A Brush With The Tough

You'll have to excuse the somewhat cheesy title.

Yesterday marked the first day of a new semester; my third semester at the school. My friends and I were officially sophomores, and it felt good not to be one of hundreds of freshmen, milling in uncertain circles and exchanging new words as they slipped into a foreign routine and environment. Lectures seemed to go on forever, and by the time lunch had rolled around, we were starved. The food court was, as usual, spilling with students, and we had to make do with takeaways from the snack stall. M- and I settled on curry puffs, while W- went all out and ordered two sides of deep-friend tofu and a side of sticky pudding to go along with it. These were popped into separate plastic bags, and with that, we proceeded to the upper levels of the modern building to look for seats. After alternating between levels seven and five, we settled on the latter and dug in, our hunger pangs now acute. Despite our initial complaints about the lack of seats in the food court that had compelled us into having to purchase takeaways, I had an excellent time catching up with my friends-and I was certain they had, too. Between bites of our food, we compared our pedicures (M- had hers professionally done) and fumed about the fact that I'd been placed in a different class from theirs.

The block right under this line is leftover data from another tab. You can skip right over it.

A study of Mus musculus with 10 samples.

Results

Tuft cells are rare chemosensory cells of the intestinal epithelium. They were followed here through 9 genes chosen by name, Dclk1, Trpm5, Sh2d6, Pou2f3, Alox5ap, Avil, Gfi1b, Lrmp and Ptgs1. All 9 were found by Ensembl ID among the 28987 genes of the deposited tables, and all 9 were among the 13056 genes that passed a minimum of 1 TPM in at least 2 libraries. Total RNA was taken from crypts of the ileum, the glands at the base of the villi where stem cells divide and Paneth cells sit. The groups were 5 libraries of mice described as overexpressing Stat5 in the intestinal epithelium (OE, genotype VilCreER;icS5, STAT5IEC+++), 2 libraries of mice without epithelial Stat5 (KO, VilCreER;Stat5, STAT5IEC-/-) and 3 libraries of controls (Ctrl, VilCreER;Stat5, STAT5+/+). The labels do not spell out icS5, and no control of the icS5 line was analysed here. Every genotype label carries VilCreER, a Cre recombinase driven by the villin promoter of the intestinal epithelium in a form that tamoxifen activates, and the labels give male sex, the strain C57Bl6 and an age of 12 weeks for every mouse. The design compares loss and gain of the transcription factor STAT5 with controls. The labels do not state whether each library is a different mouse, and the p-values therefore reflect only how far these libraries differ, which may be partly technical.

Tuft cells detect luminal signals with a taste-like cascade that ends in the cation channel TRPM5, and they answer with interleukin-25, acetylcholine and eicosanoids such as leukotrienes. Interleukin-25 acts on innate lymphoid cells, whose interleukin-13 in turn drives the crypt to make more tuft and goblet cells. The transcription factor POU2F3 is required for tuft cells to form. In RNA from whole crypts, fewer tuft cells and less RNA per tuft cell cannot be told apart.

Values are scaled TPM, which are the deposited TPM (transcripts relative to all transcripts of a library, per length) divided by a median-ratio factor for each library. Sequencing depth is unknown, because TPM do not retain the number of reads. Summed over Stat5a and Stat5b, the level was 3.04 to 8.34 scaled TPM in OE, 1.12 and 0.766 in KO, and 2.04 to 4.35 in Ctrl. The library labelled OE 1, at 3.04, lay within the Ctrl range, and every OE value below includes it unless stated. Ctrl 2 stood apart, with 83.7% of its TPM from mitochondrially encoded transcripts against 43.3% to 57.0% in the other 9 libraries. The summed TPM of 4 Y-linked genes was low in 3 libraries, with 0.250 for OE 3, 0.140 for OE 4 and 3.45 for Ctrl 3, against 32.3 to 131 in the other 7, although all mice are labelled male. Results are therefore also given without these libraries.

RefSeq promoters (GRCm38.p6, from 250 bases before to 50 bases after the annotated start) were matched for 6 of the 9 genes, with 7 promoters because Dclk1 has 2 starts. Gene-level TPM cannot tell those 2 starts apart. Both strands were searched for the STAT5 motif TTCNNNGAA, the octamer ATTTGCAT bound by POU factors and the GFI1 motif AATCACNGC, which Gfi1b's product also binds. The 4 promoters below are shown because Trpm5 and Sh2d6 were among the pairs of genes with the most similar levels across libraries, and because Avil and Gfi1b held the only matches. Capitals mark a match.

I may be taking a journalism course, but speaking to strangers still remains a daunting experience for me. It's like feeding a child who loathes vegetables a stick of celery: try as anyone might, it's difficult to get me to open up immediately. I've always considered myself a private person. I tend to internalise my thoughts and feelings, and while I love my friends and family, I need alone time more than most people realize.

Stepping into my new class yesterday after lunch was new to me. I hadn't experienced something like this in a year, and I felt startlingly awkward. It was a sharp juxtaposition from the way I usually feel, and the feeling hit me hard. Everyone was sitting in pairs or threes, and as I took a seat next to an unfamiliar face, I could feel slight panic rushing through my blood every now and then. When the teacher announced we were to pair up, the panic reached peaking levels, and the dormant nerves in the pit of my stomach came to life as I watched my classmates pairing up with their friends.

I still experience tiny nausea-inducing spells when I think of facing yet another day with my new class.

It wasn't a perfect day, but here's hoping tomorrow brings better things yet.